Intellectual Property Update
April 2, 2008
Status Quo! This was the outcome following yesterday's ruling by U.S. District Court in Tafas, Smith Beecham Corp. et al. v. Dudas, No. 07-cv-846 (E.D. Va Apr. 1, 2008).
On August 21, 2007, the United States Patent and Trademark Office issued a final notice of its changes to the rules governing the number of continuation applications and the number of claims that a patent applicant may file.
The "Continuation Rule" (72 Fed. Reg. 46837-38) would have restricted the number of continuation or continuation-in-part applications to two for each application. If applicant wished to file an additional continuation or continuation-in-part application, the rule required proof that the new continuation application could not have been submitted before.
The "RCE Rule" (72 Fed. Reg. 46839-41) would have restricted the number of request for continued examinations (RCE) to be filed to one per patent family.
The "5/25 Rule" (72 Fed. Reg. 46836-37) would have restricted patent applicants to no more than 5 independent claims and no more that a total of 25 claims for each application filed. If the applicant wished to file more claims, for each additional claim above the 5/25 limit, applicant had to submit a thorough prior art search and
35 U.S.C. § 2(b)(2) imparts the USPTO with rulemaking authority. Such rules, however, must not be substantive in nature but instead must be in accordance with the law.
The Court noted that the USPTO could apply the doctrine of prosecution laches to combat unreasonable delay tactics by applicants. Instead, the Continuation Rule would have reduced the previously unlimited number of continuation applications currently available to an applicant to two without showing cause as to why more were needed. This, according to the Court, significantly alters applicant's existing rights under 35 U.S.C. § 120 and as such the Continuation Rule is a substantive rule.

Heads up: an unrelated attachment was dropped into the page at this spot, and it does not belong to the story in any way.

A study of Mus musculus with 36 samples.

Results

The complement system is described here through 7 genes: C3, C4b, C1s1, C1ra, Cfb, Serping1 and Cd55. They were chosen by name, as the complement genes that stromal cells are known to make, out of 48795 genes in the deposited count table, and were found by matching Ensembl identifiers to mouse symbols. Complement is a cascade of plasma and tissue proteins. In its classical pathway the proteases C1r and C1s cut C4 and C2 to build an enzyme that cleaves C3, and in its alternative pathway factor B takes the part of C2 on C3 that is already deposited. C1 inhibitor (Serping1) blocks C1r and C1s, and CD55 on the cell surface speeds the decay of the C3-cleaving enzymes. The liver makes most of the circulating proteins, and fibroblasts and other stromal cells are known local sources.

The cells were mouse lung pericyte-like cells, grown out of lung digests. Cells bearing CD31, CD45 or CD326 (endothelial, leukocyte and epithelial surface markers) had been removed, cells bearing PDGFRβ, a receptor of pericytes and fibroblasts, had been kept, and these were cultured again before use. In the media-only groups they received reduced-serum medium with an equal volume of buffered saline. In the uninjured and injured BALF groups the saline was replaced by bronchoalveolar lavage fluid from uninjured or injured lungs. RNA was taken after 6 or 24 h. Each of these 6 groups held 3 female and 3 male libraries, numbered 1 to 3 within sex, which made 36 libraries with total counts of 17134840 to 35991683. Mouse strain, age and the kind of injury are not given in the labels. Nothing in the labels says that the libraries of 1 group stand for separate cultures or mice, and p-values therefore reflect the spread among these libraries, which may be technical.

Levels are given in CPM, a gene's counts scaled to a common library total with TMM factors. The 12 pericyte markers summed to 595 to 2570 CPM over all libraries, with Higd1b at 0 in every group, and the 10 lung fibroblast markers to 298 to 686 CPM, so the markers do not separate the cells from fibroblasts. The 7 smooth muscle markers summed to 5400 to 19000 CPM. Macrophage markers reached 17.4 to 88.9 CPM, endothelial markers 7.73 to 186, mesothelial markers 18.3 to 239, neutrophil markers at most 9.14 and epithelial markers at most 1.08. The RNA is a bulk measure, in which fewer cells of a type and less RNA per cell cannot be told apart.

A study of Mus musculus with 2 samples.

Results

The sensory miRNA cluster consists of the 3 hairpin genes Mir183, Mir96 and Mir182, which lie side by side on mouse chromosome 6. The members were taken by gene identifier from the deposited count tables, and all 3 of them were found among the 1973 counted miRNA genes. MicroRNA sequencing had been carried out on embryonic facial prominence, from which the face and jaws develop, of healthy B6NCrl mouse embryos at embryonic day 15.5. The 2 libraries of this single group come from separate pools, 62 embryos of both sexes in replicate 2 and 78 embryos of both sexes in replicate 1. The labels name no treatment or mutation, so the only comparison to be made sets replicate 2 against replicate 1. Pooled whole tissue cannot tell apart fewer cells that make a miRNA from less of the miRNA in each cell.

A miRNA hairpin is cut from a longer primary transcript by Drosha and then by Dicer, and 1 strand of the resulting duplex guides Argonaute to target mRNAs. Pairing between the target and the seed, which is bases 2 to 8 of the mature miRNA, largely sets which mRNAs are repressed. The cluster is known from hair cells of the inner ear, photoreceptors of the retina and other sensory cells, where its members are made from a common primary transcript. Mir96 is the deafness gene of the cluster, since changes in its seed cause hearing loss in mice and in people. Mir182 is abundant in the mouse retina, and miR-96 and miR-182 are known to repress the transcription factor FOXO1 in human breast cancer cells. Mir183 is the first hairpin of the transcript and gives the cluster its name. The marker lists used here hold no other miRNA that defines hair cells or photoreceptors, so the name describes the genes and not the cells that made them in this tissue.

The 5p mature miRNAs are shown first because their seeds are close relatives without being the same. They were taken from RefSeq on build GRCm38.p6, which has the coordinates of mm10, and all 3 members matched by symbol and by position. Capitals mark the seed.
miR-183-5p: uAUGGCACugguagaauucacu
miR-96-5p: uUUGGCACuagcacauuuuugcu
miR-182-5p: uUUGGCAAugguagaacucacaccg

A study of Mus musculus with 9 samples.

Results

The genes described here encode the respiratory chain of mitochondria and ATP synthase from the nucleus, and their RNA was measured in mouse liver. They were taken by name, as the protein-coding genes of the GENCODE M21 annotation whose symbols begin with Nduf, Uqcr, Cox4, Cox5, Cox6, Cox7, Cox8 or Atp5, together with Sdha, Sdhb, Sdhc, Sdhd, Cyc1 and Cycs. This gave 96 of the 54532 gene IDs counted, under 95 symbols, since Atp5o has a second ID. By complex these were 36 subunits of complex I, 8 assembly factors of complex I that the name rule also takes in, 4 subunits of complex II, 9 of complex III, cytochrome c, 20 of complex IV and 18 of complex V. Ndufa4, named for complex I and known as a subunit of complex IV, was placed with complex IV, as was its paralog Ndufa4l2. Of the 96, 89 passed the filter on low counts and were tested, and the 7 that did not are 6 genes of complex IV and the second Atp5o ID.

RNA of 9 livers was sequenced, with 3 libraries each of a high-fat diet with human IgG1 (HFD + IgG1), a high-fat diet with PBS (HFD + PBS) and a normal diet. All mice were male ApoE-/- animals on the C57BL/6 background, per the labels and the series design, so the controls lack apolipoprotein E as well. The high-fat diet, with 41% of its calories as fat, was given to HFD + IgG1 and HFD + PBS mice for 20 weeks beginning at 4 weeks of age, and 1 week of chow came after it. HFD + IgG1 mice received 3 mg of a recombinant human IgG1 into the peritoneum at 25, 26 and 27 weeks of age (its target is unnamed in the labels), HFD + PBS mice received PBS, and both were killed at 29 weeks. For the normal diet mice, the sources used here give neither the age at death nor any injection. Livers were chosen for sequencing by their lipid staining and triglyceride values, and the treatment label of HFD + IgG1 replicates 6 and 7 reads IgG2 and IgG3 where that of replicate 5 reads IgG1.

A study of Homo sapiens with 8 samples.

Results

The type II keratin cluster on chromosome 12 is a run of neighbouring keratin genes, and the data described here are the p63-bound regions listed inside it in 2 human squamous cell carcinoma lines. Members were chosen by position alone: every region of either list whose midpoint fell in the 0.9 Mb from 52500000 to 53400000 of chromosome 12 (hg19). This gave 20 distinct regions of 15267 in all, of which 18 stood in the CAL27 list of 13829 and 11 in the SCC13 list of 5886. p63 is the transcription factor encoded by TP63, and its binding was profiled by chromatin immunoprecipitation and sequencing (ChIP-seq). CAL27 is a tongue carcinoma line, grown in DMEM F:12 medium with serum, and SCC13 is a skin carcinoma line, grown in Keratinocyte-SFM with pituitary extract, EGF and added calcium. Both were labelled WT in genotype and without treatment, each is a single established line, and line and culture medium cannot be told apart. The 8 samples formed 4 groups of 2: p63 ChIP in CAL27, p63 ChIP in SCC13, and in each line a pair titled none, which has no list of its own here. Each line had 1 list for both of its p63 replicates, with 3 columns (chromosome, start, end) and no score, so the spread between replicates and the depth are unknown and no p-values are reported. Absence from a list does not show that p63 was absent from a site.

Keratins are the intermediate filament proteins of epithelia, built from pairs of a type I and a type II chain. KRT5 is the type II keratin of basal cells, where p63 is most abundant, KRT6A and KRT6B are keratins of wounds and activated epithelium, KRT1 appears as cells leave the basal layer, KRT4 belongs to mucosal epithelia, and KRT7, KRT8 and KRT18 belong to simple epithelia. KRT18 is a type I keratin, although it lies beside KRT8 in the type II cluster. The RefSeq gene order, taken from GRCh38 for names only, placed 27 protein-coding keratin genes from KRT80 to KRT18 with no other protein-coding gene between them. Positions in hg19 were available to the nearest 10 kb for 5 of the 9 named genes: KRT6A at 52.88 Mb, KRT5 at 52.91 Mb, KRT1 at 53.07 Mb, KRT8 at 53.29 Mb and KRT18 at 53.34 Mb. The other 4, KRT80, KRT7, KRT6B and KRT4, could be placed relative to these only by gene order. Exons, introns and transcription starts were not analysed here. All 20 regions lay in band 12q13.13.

As for the RCE Rule, the Court first noted the plain language of the rule that directed the USPTO to "provide for the continued examination of each application." 35 U.S.C. § 132 (a) (emphasis supplied). Secondly, the Court noted that the language of Section 132 (b) ("shall" and "at the request of the applicant") is further evidence of legislative intent to permit unlimited RCE filings. As such, the Court concluded that the RCE Rule is a substantive rule.
The Court noted that since 1938 appellate courts have held that it is the USPTO's burden to demonstrate unpatentability by performing the prior art searches and evaluating the application in the context of the uncovered prior art. According to the Court, the 5/25 Rule is substantive because by requiring applicant to conduct a search of the prior art and to indicate precisely why the claims are novel over the prior art, the USPTO is "shifting the examination burden away from the USPTO and onto applicants." (Tafas at 23).
The plaintiffs raised grounds in their case against the USPTO's rule changes but the Court refused to address these "because the Court believes that one who judges least judges best, it will not reach the other issues raised by the parties, resting instead on the determination of a single dispositive issue." (Tafas at 11).